As the passage states, there is more to inequalities, “because of sex”, than just blatant discrimination, and will need to be addressed, at a minimum, by passing new laws, amending old laws, changes in employer policies, and a cultural shift. I have highlighted a few of these changes that would address inequalities, and how I can be an active participant, and leader, in moving forward, because while it used to be so much worse, I see that it can still be so much better.
Passing new laws: When I was pregnant with my boys, I spent 3 months in the hospital, on bedrest, and became very familiar with FMLA, parental leave, and short-term disability. I will be eternally grateful for University of Richmond’s support, which allowed me to work half, sick, days from the hospital and gave me 8 weeks PAID leave after the boys were born. What is most impressive about this is I had a male colleague, whose wife was in a similar situation a few months later, and he was given the exact same support and benefits. In 2021, fathers are (as they should be) as active a part as raising a child as mothers, and they should receive the same support and respect to be involved. I feel strongly paid parental leave should be for both parents; if a person qualifies for FMLA, they should be paid for their time away from work. Asking a mother or father to choose between getting a paycheck for the first 8-12 weeks of a child’s life is not fair and, in my opinion, should be regulated/required by our government (as it is for women in more than 120 other nations).
Amending old laws: Why is it that an employer with less than 15 employees is required to equal pay for employee yet exempt from the laws that prohibit discrimination? It would seem reasonable that if a small business is required to pay male and female employees the same, they should also be required to treat all individuals the same, regardless of sex, gender identity, disability, race, etc. We have seen so much support given to small business through the pandemic; I would implore the government to support small businesses in providing a fair, and discrimination-free, workplace.
Voluntary changes in employer policies: It is frustrating, sad, and angers me when I see how much less women are paid than men, especially women of color. While public higher education institutions are required to share their employees’ salaries, the same is not required of the private sector. What I am doing at University of Richmond is not that much different from what other Directors of Recreational Sports across the state are doing. When I look at the Director at VCU, he makes over 8k more than me, while the male Director (a person of color) at ODU makes 20k less than me, and the female Director at W&M makes 15k more. Granted, some of this is length of employment, school budget, and “job duties”; is there really any reason there is a 30k differential in Recreational Sports Director’s at VA colleges and universities? I would encourage ALL employers to willingly post salaries to help address these pay differentials. I will encourage our staff advisory council, and HR Department to be more transparent with salaries.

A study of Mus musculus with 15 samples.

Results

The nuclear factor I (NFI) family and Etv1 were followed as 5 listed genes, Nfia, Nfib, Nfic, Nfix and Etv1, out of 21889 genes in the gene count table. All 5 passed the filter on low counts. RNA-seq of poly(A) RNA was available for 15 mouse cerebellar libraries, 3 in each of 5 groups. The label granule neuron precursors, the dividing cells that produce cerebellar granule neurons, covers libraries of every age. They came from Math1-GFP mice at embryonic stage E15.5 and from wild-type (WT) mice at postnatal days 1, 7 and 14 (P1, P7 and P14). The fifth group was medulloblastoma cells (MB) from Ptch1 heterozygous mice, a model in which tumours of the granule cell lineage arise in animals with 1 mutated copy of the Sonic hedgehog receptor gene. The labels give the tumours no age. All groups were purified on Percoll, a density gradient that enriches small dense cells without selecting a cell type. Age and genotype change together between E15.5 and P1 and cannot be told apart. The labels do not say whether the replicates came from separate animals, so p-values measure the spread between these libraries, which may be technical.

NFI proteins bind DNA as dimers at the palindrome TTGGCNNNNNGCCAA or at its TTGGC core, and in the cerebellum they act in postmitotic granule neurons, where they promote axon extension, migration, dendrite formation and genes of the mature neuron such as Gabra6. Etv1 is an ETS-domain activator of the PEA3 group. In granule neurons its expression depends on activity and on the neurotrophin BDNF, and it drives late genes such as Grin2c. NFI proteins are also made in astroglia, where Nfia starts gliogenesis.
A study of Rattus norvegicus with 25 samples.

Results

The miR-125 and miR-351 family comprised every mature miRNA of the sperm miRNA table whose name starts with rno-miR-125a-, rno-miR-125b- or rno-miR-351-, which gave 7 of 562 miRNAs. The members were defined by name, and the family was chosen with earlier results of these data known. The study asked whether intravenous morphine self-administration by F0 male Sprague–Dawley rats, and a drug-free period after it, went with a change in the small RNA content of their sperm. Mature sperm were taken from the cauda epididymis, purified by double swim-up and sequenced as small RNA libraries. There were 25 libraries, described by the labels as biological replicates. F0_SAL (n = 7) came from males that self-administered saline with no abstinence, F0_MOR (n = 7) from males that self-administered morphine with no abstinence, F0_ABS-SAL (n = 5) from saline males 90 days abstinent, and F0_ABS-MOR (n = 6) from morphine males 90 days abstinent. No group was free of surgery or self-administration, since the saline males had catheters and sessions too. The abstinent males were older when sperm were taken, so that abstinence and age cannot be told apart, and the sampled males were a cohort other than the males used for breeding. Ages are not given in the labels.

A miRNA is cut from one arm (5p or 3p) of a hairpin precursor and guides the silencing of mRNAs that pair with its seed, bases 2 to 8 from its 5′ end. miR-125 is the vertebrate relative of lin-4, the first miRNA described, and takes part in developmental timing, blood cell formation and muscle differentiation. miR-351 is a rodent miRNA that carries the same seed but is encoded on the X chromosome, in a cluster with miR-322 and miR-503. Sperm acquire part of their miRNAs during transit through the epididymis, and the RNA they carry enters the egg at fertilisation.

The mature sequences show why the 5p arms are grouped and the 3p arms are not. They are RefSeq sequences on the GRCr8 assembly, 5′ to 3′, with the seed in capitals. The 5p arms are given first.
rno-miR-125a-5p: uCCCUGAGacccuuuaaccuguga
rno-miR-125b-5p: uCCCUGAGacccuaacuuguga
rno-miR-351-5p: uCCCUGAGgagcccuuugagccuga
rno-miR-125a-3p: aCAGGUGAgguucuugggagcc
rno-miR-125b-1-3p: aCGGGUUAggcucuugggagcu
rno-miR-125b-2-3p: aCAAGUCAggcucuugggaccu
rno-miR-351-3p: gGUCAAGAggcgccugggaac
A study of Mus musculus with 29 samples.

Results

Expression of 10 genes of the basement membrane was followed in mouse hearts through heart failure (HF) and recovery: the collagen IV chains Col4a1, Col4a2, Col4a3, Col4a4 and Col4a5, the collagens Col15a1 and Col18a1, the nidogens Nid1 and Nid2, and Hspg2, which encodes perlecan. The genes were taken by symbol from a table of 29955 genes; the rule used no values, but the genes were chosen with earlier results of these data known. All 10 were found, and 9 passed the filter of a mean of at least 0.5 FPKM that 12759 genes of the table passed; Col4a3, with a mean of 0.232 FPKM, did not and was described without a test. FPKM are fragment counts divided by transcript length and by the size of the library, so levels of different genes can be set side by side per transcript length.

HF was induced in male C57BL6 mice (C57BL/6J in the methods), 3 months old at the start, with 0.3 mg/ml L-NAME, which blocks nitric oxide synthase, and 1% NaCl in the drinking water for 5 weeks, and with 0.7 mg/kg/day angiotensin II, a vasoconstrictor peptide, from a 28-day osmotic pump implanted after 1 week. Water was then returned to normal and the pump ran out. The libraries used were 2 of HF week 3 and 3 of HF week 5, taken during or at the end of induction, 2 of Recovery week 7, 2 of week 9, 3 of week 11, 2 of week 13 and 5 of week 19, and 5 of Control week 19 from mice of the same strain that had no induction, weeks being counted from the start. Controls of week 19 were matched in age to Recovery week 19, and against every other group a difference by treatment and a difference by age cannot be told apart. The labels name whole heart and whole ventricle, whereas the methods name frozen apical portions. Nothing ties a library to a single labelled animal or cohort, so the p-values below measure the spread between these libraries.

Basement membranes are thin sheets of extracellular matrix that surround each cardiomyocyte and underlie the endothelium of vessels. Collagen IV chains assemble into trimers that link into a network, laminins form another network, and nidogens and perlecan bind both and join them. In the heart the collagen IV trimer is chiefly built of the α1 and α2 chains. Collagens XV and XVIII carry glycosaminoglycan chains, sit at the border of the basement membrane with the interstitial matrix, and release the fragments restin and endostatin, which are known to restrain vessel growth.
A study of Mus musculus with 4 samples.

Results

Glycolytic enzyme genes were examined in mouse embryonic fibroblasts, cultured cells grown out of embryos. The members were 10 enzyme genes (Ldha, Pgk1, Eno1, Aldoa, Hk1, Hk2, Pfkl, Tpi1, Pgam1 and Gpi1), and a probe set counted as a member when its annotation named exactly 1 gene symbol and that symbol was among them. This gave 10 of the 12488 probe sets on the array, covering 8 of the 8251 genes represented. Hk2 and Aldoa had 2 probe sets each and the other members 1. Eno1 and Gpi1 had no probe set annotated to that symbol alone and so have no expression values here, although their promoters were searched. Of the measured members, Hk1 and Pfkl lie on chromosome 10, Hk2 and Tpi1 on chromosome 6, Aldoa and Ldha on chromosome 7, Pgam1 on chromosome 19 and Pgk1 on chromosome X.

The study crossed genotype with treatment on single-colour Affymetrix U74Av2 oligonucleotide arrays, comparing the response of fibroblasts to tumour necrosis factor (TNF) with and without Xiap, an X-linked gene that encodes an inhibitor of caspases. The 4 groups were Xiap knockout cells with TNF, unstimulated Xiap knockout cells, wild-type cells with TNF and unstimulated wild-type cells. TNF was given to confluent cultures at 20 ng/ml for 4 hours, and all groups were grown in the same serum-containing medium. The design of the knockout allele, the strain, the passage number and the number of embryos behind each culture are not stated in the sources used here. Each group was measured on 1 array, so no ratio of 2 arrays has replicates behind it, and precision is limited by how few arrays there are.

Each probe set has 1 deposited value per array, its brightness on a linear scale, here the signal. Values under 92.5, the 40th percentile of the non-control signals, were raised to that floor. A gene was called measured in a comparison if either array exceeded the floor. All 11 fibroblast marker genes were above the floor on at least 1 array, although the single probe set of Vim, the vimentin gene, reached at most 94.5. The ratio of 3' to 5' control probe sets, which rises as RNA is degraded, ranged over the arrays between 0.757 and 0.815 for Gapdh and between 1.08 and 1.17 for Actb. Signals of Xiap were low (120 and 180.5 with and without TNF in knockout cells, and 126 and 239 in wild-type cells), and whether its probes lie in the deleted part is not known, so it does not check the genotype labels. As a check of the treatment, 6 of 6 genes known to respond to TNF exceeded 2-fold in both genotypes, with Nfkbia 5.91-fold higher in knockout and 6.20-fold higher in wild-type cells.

Cultural Change: Cultural Change is the (glacial) key in truly equalizing gender. There are cultural changes that are occurring, like an increased number of women firefighters, and would make one think things are getting better. But, just this morning, my partner (a Sheriff’s Deputy) was cancelled on a call because the caller was “a big guy” so they sent a male officer to respond, implying that even though she had the same training, skills, and tactics as the male he was more qualified. Related, I was talking to my parents over the weekend and my Dad referenced an interview he had listened to with Melinda Gates about how fathers need to take a more active role and how Bill Gates did, then my Dad said (out loud, in front of my Mom), “that is the direction the country is going.” My mom has always relished her role as a stay-at-home mom who was able to be active in our sports, schooling, and activities, but in that moment she responded with such anger, “it took you listening to Melinda Gates to see that how we raised the children asked so much more of me than you!”. What I realized in that interaction is that while we (society) see a cultural change occurring, and assume we are part of the (positive) change, we are often times blind to the role we have had in creating norms, (gendered) roles, and inequalities.
I have said this before, and I will say it again, the most impactful thing we can do as leaders is to build relationships, which fosters trust, and allows for difficult conversations. Through having difficult conversations we expose ourselves to different opinions and are able to learn from one another. Sharing personal experiences, and listening to others experiences, is what will create lasting change related to gender, sexual orientation, or racial differences. As educational leaders, we care about learning, what we can learn from others experiences is equally as important as what we learn in a book.